Military & Aerospace

Ushering in a green army!

In 1992, a remark by the then Army Chief, General SF Rodrigues that ‘good governance was as much the business of army!’ was deliberately picked up by a journalist to defame him. The late journalist had a personal/family grudge and scores to settle. The resultant furore saw a debate in the parliament and a rap on the knuckles of the Army Chief by the then government.  This hyper sensitivity of a political party to any initiative by the armed forces that smacked of political influence was a hangover of the freedom struggle (wherein the army was seen as the tool of the British) and post-independence fear of military takeover. Such was the effect of this fear that a military hero like late Filed Marshal SFHJ Manekshaw was repeatedly insulted and hounded by agencies. Luckily for the country, much water has flowed down the Ganga and today the ruling dispensation is much more relaxed on this issue. This has created much needed synergy in the defence policies and conduct of diplomacy. However the potential of the armed forces in nation building remains underutilized.

The reluctance of the army for any participation in nation building activity is due to the effect of the historical hangover of ‘Operation Amar’ carried out by the 4th Red Eagle Division and its subsequent rout in the battle against Chinese in 1962. The first-ever Param Vishisht Seva Medal of the Indian Army was awarded to Lt Gen B M Kaul in 1960, notably for the successful completion of Operation Amar – the construction of 1,450 barracks/family quarters for troops in Ambala – which was inaugurated by the Prime Minister on August 20, 1958. This project was the brainchild of the Defence Minister VK Krishna Menon. To save on cost, the project entailed using troops as labour for the construction. Gen Thimayya, the Chief of Army Staff, was opposed to the project, but during his absence for a visit to the USA, Maj Gen B M Kaul, then General Officer Commanding (GOC) of 4 Infantry Division at Ambala, directly approached the Defence Minister and got the necessary approvals. The famous Red Eagle division rose to the occasion under his dynamic command and successfully completed the projected in a record seven months.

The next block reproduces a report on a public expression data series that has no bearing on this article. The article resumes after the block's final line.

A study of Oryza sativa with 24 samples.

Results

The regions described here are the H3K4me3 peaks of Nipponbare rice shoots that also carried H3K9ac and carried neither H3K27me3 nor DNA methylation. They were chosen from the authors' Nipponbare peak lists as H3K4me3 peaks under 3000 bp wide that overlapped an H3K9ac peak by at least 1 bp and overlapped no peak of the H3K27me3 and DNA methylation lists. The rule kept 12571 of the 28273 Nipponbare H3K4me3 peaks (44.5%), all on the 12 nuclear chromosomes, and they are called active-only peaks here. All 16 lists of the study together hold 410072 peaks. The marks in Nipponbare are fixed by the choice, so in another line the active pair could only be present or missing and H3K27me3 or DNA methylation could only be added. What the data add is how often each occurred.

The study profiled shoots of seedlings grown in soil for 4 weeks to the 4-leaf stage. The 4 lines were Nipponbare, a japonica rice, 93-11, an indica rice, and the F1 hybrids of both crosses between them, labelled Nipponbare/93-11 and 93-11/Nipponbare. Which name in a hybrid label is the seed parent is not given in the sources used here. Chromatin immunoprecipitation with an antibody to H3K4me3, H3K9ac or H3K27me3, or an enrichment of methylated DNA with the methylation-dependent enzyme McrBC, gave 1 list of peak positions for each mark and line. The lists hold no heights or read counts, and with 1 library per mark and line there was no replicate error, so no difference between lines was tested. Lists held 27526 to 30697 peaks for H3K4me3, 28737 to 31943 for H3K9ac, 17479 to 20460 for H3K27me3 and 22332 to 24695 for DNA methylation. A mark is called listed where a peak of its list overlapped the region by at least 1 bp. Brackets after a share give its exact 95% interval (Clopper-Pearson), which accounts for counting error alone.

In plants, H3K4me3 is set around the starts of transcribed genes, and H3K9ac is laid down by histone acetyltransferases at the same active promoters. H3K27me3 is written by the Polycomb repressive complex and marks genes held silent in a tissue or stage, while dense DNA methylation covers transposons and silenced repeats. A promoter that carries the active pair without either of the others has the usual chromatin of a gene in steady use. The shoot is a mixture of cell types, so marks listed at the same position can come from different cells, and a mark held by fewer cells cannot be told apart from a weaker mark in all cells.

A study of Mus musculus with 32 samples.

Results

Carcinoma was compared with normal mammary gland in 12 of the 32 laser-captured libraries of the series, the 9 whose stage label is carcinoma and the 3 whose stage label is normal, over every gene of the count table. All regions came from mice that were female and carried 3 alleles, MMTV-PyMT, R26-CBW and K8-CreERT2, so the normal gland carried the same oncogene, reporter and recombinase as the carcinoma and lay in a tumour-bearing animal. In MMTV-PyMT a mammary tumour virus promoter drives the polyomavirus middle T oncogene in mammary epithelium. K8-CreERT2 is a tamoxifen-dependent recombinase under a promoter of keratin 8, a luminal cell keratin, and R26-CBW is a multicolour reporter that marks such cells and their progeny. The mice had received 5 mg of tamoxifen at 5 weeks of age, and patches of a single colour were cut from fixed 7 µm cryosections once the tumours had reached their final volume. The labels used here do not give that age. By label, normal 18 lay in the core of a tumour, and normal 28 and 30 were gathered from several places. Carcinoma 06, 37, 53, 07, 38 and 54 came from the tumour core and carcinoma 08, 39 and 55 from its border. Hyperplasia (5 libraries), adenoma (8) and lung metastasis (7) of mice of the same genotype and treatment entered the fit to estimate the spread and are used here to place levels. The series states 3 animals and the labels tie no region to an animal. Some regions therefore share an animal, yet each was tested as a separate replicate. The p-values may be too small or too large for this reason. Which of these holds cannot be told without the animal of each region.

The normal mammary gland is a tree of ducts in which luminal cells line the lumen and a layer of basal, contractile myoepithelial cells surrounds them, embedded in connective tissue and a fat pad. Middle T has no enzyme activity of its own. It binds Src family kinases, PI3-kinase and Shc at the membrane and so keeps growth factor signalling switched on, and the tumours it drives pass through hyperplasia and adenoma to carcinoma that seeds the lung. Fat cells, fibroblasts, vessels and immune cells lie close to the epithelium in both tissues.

In end 1959, 4 Infantry Division was despatched to NEFA. Lt Gen B M Kaul, having earned his PVSM, was now the Quarter Master General responsible for housing of the army. War clouds were looming, but the General was still obsessed with his pet projects. Rather than staying in tents and focusing on preparing defences, the ever-efficient 4 Infantry Division was tasked to construct bashas (temporary mud and tin-roofed accommodation) under Operation Amar 2. Representations were brushed aside and construction began on a war-footing. Operation Amar 2 was inaugurated by none other than the Prime Minister on April 14, 1960.

In the early 1960s, the unit lines, messes and bungalows were also used for ‘grow more food’ campaign to grow wheat and other crops. It was a common sight in Meerut Cantonment to see troops engaged in farming. Bullocks and ploughs had been bought from regimental funds and old Persian wells had been reactivated. A still older method of drawing water out of conventional wells using a buffalo hide as a water bag and pulled by bullocks or male buffaloes, was also put to use.

In the Indian Army folk lore, the 1962 military disaster has been linked to these efforts of using army for non-military purposes. This author has studied the 1962 Sino-Indian conflict in great details as part of the ministry of defence project. The main reason for 1962 disaster in North East Frontier Agency  NEFA (now state of Arunachal Pradesh) was the strategic blunder of believing that ‘China will never attack’ and tactical blunders IV corps sector. The link to Op Amar was at best a tenuous one.

Another major change that has come about since 1998 overt nuclearisation is that in place of conventional arms based deterrence, we have moved to nuclear weapons based deterrence. The possibility of WWII style or 1971 style full-fledged conventional conflict is the least likely scenario. In addition ‘un conventional’ threats like terrorism, water stress and environmental degradation have emerged as a serious threat to wellbeing and even survival of the nation.

Army as the second largest repository of trained manpower and also the largest land holder in the country, has both the opportunity as well as duty to contribute. Due to peculiar geography of our borders, 70 % of our army is deployed in mountainous areas. These are ideal for water conservation projects.

The army must immediately enforce water harvesting at all its buildings in cantonments. In border areas, units must create small water bodies where ever possible. The army engineers must offer technical advice and help with its earth moving machinery.

The second measure that should be implemented is garbage segregation in all cantonments and composting / vermi-culture at unit levels. All cantonments must also impose plastic ban.

These three four measures are easy to enforce and will yield immediate results. But on a longer term basis, army must determine what percentage of its engineer resources should be diverted for completion of irrigation projects without jeopardizing operational preparedness.

The cantonments that are spread all over the country can then serve as a model to the civil areas nearby. In addition, since most of the army’s manpower comes from rural areas, the soldiers can learn these techniques and implement them back home.

It is time army played its role in nation building and meeting the non-military threats to the nation.


About the Author

Col Anil Athale

former Joint Director War History Division, Min of Defence. Currently co-ordinator of Pune based think tank 'Inpad' that is affiliated with Bharatiya Vidya Bhavan.